6 More Reasons Why The USPS Has No Business In Banking

This would be laughable if it weren’t so, well… pathetic. Here we are talking about the USPS getting into banking services (still!?) when they continue to struggle to do what they were created to do. If you recall, some months back we talked about the plan to test the USPS’s ability to offer a limited number of banking services. It was in our blog, “The USPS can barely deliver a check, let alone process one”

Well, sadly, nothing has changed since then. Just last week, in fact, I paid for priority delivery in order to get a small package delivered just a few states away. Has it shown up yet? Nope. Thank goodness I wasn’t shipping much-needed, life-saving medication! (Not that I would since, I believe, that’s pretty illegal, anyway). But, so much for two-day delivery. It’s no doubt sitting in some warehouse somewhere.

Speaking of delivery, how has the USPS done with this banking services program? Well, the USPS launched its limited “toe dip” into banking last September with a pilot program at four post offices. For a flat fee of $5.95, customers could purchase a single-use VISA® gift card of up to $500 using business or payroll checks as payment. USPS won’t accept checks larger than $500 and won’t disburse cash for any checks. The four post office locations that are currently participating in the pilot are in Washington; Baltimore; Falls Church, Virginia and the Bronx, New York.

Since the launch of the program, the USPS has provided financial services to… can you take a guess here?  5,000 individuals? 15,000? Try 6. That’s right. Not 600, or 6,000. Six. I had to laugh when I read on govexec.com that the result is “bringing into question whether one of the government’s largest agencies will expand the effort that many progressive lawmakers and advocates have pushed for years. The six sales using checks between September 13 and January 12 have brought in just $35.70 in fees for a total value of $548.46 in gift cards.” Why the laugh? “Bringing into question”?  What’s the question this result is bringing? Is it a success? Should we keep trying? To me, the only and most obvious question is: Why aren’t we putting a stop to this right now?? According to Government Executive, “postal management declined to say what its plans are with the pilot moving forward, explaining any decisions are pending further evaluation of the results of the initial program.” Call me crazy, but how much evaluation is needed to determine whether or not this is working? I think that $37.50 in fees over nearly six months pretty much speaks for itself.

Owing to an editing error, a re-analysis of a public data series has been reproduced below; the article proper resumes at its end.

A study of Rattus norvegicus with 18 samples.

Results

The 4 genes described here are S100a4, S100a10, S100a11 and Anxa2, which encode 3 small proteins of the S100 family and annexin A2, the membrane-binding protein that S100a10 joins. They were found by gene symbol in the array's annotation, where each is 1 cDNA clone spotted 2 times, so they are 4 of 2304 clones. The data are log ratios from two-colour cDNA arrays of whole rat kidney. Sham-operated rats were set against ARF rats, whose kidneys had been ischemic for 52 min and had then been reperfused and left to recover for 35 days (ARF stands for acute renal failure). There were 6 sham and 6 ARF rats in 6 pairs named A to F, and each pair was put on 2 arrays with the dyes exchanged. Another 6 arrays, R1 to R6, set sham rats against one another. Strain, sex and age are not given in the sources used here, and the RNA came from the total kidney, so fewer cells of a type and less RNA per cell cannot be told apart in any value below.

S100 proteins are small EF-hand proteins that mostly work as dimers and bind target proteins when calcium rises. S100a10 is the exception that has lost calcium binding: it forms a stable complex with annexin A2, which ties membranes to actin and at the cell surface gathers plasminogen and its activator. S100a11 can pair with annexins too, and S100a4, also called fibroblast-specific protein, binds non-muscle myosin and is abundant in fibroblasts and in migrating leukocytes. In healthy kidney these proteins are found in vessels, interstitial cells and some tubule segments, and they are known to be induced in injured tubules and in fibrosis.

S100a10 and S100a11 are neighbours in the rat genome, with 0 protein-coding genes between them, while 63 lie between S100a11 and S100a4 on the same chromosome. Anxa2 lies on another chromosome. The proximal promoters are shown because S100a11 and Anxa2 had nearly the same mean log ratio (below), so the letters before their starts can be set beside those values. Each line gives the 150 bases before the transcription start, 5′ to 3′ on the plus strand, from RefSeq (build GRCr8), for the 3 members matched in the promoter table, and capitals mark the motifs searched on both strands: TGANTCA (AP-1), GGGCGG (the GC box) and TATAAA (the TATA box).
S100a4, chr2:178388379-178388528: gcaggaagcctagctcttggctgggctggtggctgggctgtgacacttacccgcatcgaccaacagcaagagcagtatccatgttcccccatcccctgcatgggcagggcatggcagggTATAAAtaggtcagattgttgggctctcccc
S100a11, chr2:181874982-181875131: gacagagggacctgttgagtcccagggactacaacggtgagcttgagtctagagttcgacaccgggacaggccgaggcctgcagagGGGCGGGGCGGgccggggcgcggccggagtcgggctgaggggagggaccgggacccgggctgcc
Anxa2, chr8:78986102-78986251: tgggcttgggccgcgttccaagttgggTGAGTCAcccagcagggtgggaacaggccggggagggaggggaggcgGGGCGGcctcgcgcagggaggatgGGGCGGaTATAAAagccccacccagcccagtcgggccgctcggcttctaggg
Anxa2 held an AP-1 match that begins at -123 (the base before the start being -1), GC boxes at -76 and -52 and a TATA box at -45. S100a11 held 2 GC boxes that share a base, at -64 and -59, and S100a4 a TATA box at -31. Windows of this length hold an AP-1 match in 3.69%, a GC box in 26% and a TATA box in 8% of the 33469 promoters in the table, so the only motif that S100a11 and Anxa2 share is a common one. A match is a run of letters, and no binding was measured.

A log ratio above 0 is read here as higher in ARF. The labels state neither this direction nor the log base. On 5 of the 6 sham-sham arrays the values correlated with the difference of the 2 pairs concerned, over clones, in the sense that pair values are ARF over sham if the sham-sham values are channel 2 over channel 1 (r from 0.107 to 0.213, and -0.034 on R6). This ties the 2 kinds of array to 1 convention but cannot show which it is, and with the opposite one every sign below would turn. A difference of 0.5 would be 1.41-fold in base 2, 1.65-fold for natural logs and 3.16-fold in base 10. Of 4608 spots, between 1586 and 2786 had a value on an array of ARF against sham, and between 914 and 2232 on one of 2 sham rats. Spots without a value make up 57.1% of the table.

As always, there’s significant political controversy around this. The top Republicans on two key committees—Reps. James Comer, Ky., and Patrick McHenry, N.C., the ranking members of the Oversight and Reform and Financial Services committees, respectively—said in a recent letter to Postmaster General Louis DeJoy that the pilot program was hidden from them and rolled out “in secret.” They noted that they “strongly object to the concept of postal banking” and questioned whether DeJoy had the authority to launch the program unilaterally. The pilot's “quiet launch” they said, has now led the lawmakers to question whether the postmaster general worked with them in good faith.” 

Personally, I don’t think that Comer and McHenry have much to worry about. In fact, instead of getting angry with DeJoy — if they truly want the USPS to stay out of the banking services game — they should be thanking him! What better proof that this is a bad idea than less than $36 in sales over nearly six months. I did better than that with my lemonade stand as a kid!?

As always, I would love to hear your thoughts.